Graphic Formats

Although hundreds of graphic file formats exist web browsers only support a few of
them. This article describes the different graphic file formats that are available to web
designers and when they should be used.

The graphic file formats supported by most popular web browsers are Graphic
Interchange Format (GIF), Joint Photographic Experts Group (JPEG), Portable Network
Graphics (PNG) and vector graphics. Some of the properties of graphic files are:
Transparency – this property allows the image to be varying degrees of opaqueness from
solid to completely transparent (see-through).
Compression – this property allows the image to be stored in a much smaller file by using
a mathematical algorithm to handle groups of pixels as a single item.
Interlacing – Interlacing allows the image to be loaded by first drawing the odd rows and
then going back and drawing the even rows. It allows the visitor to see the picture sooner.
Animation – Animation gives the appearance of movement by using a series of
successive still pictures. Animated gifs do not require a browser plug-in and can work on
almost all devices.
Progressive loading – Progressive loading is similar to interlacing in that it only loads a
portion of the picture initially but is not based on alternating rows and allows the user to
see the picture quicker.


GIF was originated in the 1980 and was adopted by web designers in the early 1990s as
the preferred graphic format for web pages. GIF files use a compression algorithm that
keeps file sizes small for fast loading.

They are limited to 256 colors (8 bits) and support transparency and interlaced graphics.
It is also possible to create animated graphics using the GIF format. All browsers can
display GIF files.

GIF Advantages:
Most widely supported graphic format.
Diagrams look better in this format.
Supports transparency.


JPEG files are compressed but support “true color” (24 bit) and are the preferred format
for photographs where image quality matters. JPEG supports a progressive format that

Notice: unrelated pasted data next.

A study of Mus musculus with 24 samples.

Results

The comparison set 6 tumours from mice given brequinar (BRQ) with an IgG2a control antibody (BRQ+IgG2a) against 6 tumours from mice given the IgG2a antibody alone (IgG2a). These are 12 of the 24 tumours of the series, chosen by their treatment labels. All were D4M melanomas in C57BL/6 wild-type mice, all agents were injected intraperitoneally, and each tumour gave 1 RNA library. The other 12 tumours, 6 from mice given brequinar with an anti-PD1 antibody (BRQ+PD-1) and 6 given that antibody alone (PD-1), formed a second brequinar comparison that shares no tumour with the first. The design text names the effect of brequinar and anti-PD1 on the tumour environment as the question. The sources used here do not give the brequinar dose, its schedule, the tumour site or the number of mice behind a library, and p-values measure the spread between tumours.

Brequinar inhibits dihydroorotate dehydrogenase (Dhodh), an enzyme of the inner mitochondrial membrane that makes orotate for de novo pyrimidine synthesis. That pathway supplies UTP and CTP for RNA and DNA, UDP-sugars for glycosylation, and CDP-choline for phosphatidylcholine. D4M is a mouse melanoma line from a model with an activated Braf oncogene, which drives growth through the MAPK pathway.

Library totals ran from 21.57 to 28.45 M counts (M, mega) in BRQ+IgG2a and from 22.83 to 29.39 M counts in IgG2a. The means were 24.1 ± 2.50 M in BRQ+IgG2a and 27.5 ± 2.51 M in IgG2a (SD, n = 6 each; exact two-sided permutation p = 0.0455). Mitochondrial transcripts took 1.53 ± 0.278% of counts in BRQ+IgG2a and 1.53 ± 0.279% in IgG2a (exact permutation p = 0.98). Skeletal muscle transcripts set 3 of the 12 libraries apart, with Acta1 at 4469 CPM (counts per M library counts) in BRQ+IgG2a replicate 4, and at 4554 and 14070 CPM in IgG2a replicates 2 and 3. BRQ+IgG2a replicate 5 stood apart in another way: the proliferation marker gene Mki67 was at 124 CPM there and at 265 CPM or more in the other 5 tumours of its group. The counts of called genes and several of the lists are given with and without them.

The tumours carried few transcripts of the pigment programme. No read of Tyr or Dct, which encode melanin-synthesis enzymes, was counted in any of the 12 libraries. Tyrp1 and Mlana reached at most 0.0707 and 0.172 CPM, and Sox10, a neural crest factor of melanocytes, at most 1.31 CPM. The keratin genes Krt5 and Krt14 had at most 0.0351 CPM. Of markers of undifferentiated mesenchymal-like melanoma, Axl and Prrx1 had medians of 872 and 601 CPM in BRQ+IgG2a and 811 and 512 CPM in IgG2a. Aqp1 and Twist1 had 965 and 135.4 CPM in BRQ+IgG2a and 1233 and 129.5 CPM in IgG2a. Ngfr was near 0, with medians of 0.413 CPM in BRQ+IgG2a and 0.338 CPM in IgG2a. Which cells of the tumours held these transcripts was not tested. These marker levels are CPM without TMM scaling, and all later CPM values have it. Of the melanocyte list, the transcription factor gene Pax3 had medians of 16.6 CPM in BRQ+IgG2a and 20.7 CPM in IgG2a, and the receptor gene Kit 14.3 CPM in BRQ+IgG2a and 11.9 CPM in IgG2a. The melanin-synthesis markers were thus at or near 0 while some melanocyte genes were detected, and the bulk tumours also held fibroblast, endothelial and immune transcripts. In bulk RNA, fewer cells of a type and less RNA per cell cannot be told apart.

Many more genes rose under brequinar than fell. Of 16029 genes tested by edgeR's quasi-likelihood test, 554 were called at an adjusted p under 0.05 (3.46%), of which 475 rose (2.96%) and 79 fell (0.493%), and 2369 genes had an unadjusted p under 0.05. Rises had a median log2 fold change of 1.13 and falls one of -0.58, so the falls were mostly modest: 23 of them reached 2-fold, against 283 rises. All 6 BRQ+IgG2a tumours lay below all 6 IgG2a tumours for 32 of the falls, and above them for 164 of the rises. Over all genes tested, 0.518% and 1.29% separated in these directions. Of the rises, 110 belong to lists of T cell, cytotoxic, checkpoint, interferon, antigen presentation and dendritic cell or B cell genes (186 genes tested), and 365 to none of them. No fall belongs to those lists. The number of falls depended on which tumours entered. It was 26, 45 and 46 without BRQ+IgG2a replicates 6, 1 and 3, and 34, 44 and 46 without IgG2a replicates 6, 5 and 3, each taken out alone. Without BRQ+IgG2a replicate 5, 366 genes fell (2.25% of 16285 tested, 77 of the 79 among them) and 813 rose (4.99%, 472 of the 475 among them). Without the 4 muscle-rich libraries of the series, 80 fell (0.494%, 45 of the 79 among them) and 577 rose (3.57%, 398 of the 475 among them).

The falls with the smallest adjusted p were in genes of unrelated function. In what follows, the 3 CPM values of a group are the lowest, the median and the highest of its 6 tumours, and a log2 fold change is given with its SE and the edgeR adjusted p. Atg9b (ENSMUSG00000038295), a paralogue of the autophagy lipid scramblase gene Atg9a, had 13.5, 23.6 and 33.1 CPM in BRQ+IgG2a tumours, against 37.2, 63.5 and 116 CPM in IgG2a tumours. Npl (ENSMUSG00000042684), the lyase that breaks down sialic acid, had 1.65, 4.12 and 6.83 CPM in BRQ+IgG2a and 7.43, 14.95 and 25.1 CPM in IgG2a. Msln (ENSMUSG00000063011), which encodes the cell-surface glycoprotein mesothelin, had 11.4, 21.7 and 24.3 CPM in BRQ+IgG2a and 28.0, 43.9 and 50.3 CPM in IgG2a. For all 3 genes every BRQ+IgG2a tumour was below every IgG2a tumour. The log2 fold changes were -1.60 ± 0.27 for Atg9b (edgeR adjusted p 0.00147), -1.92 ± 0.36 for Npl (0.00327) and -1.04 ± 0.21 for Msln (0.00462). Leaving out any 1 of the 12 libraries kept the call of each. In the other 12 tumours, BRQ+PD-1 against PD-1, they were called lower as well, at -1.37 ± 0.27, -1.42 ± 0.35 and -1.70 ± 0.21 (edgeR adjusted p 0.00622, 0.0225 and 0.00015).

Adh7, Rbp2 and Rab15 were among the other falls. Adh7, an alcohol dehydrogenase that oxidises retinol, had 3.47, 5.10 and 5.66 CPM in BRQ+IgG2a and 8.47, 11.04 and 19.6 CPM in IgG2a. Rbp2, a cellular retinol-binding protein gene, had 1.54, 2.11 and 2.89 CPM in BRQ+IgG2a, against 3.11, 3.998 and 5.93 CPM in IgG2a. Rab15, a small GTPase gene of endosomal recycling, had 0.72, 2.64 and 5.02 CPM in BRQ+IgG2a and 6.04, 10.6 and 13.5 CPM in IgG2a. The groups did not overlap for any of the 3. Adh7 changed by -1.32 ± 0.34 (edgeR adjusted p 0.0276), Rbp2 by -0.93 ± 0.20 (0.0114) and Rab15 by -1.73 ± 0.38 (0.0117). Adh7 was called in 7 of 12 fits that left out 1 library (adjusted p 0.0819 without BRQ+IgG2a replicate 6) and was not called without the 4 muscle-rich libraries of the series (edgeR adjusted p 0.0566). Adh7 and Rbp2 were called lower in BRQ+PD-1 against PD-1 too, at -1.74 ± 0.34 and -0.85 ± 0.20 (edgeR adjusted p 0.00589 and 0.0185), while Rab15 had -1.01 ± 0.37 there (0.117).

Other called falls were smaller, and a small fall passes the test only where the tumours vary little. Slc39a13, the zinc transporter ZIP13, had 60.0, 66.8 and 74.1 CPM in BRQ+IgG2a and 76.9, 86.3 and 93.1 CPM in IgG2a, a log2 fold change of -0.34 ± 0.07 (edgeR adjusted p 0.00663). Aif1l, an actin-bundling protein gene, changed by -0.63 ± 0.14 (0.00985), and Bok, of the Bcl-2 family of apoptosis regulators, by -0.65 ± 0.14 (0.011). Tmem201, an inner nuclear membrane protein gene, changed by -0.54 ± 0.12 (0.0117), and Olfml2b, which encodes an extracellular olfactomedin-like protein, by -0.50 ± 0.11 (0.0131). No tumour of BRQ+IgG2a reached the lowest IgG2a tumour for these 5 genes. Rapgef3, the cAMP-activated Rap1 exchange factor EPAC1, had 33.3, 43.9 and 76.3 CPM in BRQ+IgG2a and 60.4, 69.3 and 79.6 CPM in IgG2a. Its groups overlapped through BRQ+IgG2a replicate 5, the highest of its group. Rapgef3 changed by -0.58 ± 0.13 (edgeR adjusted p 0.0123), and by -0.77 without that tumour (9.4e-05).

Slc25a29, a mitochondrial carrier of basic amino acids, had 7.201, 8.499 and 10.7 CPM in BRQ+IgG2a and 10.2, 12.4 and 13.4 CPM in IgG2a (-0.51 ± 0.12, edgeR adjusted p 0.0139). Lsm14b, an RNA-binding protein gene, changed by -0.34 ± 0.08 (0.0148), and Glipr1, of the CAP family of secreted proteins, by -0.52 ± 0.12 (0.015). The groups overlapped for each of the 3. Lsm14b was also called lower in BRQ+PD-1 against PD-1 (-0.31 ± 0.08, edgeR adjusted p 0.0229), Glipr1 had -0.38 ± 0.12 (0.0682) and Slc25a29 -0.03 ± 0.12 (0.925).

allows for an almost immediate image that will improve in quality as the rest of it loads.
Unlike a GIF file, the compression for JPEG files can be controlled by the web designer,
which allows for different levels of picture quality and file size. All browsers can display
GIF files.

JPEG Advantages:
Large compression ration mean faster download speeds.
Produces excellent quality for photographs and complex drawings.
Supports 24-bit color.


PNG is a fairly recent format that was introduced as an alternative to GIF files. PNG
supports up to 24 bit color, transparency, interlacing and can hold a short text description
of the image’s content for use by search engines.

Unfortunately, most browsers do not support PNG and the ones that do support it, don’t
support all of its features yet. But that will change in the future.

PNG Advantages:
Overcomes the 8-bit color limitation of GIF.
Allows text description of the image for search engine use.
Supports transparency.
Diagrams look better than they do in JPEG.

Vector Graphics

Most web graphics are raster images or bitmaps, which consist of a grid of colored pixels.
Drawing and illustrations should be created as vector graphics which consist of
mathematical descriptions of each element that makes up the lines shapes and color of the
image. Vector graphics are created by drawing programs such as Adobe Illustrator and
Macromedia Freehand and are the graphic artists choice for creating drawings. Vector
graphics must be converted to either GIF, JPEG OR PNG format to be used on a web

Which Format Should You Use?

A web designer could choose either the GIF or JPEG format for most uses. But, since the
file size of a GIF is usually small than the file size of a JPEG, most web designers will
use the GIF format for backgrounds, boxed, frames and any other graphical element that
look fine using 8-bit color.

Most designers will select the JPEG format for photographs and illustrations where the
compression doesn’t compromise the visual quality of the image.
As PNG becomes fully supported by most web browsers, it will probably replace GIF as
the web designer’s choice for non-photographic page elements. However, GIF will still
be used for animation.

Bottom Line – GIF and JPEG are universally supported and the web designer’s choice is
determined by the graphic element being used.